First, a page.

The University of New Mexico's Tamarind Institute is releasing 10 monotypes that emerged from alumna Emmi Whitehorse’s 2022 residency, her ninth since 1994.
Lustrous shades of color evolve and gently drift across the paper. The subtle shifts of light are layered with gestural marks and meditative organic forms. After the printing process was complete Whitehorse took the monotypes back to her studio, adding collage elements such as mica and hand-drawn features.
“My work is about and has always been about land, about being aware of our surroundings and appreciating the beauty of nature. I am concerned that we are no longer aware of those. The calm and beauty that is in my work I hope serves as a reminder of what is underfoot, of the exchange we make with nature. Light, space and color are the axis around which my work evolves. The act of making art must stay true to a harmonious balance of beauty, nature, humanity, and the whole universe. This is in accordance with Navajo philosophy,” Whitehorse explained.
Born in Crownpoint, N.M., in 1957, Whitehorse grew up in a Navajo (Diné or Naabeehó) family living in the realm of Chaco Canyon. Whitehorse’s rearing was founded in traditional Navajo living and philosophy, along with a deep connection to the changing of seasons and the land of her ancestors. In the winter her family lived indoors, while during warmer seasons they would live outside.
While in graduate school at UNM, Whitehorse, who got her degree in printmaking, developed her painting technique through the encouragement of Harmony Hammond, another Tamarind artist. She started painting flat on a tabletop, thus transferring the childhood experience of drawing in sand and later drawing on limestone, and taking to it “like a duck to water.”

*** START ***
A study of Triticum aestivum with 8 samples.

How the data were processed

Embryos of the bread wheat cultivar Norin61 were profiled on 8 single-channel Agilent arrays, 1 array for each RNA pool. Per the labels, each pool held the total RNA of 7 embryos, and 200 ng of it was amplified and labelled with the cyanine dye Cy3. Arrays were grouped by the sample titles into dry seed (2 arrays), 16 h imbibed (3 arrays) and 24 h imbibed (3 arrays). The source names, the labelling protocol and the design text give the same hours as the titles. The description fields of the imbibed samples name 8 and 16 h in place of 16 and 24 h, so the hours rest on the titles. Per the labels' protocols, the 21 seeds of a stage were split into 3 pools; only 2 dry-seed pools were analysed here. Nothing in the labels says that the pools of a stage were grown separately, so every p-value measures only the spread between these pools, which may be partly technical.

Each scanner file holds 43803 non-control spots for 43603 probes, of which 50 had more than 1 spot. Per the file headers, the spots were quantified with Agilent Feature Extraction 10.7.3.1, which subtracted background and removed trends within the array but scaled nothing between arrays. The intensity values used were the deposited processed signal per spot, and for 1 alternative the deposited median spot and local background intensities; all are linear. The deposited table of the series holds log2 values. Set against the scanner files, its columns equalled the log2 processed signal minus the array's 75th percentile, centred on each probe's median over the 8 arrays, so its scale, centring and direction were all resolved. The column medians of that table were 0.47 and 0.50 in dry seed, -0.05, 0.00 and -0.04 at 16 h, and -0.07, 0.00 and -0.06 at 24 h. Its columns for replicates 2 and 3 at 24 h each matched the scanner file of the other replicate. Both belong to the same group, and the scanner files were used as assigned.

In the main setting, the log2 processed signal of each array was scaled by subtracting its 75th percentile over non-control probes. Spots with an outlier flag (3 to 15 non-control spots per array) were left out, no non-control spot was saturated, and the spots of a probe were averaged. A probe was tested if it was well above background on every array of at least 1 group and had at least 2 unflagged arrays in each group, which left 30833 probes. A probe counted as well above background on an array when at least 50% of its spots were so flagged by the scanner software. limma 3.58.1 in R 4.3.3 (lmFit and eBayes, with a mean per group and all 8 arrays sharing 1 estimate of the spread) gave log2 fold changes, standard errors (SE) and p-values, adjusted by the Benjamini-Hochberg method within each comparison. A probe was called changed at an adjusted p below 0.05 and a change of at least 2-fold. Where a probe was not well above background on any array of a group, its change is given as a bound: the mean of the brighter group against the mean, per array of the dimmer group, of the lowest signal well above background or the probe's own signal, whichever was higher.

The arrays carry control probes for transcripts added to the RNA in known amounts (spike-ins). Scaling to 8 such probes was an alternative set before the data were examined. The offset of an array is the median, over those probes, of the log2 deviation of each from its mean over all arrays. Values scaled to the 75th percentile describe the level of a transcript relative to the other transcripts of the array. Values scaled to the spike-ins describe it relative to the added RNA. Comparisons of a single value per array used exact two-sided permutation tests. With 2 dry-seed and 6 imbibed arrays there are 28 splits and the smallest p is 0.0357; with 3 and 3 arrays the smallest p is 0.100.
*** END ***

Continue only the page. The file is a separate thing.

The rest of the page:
“It just takes one teacher somewhere down the line to open your mind,” said Whitehorse. During this time, she joined the Grey Canyon Group, an association of Native American artists founded by another Tamarind artist Jaune Quick-to-See Smith. The group challenged the colonialist paradigm of what Native American art was.
Whitehorse’s work is held in the collections of the Brooklyn Museum of Art, Brooklyn, N.Y.; Crystal Bridges Museum of American Art, Bentonville, Ark.; Denver Art Museum, Colo.; Eiteljorg Museum, Indianapolis, Ind.; Heard Museum, Phoenix, Ariz.; Montclair Art Museum, N.J.; Museum of Fine Arts, Santa Fe, N.M.; Peabody Essex Museum, Salem, Mass.; Tucson Museum of Art, Ariz.; Westfälisches Museum, Münster, Germany; The Wheelwright Museum, Santa Fe, N.M.; and the Whitney Museum of American Art, New York, N.Y., among many others.
Tamarind Institute, a division of UNM's College of Fine Arts, is a workshop, a gallery, and a center for the art of lithography. Tamarind faculty and staff conduct research, train collaborative printers, and produce and publish original artworks with emerging and established artists from a plethora of disciplines. Tamarind Institute’s lithography process represents the alchemy of art, craft, material, and synergy between artist and printer, resulting in exquisite hand-pulled impressions.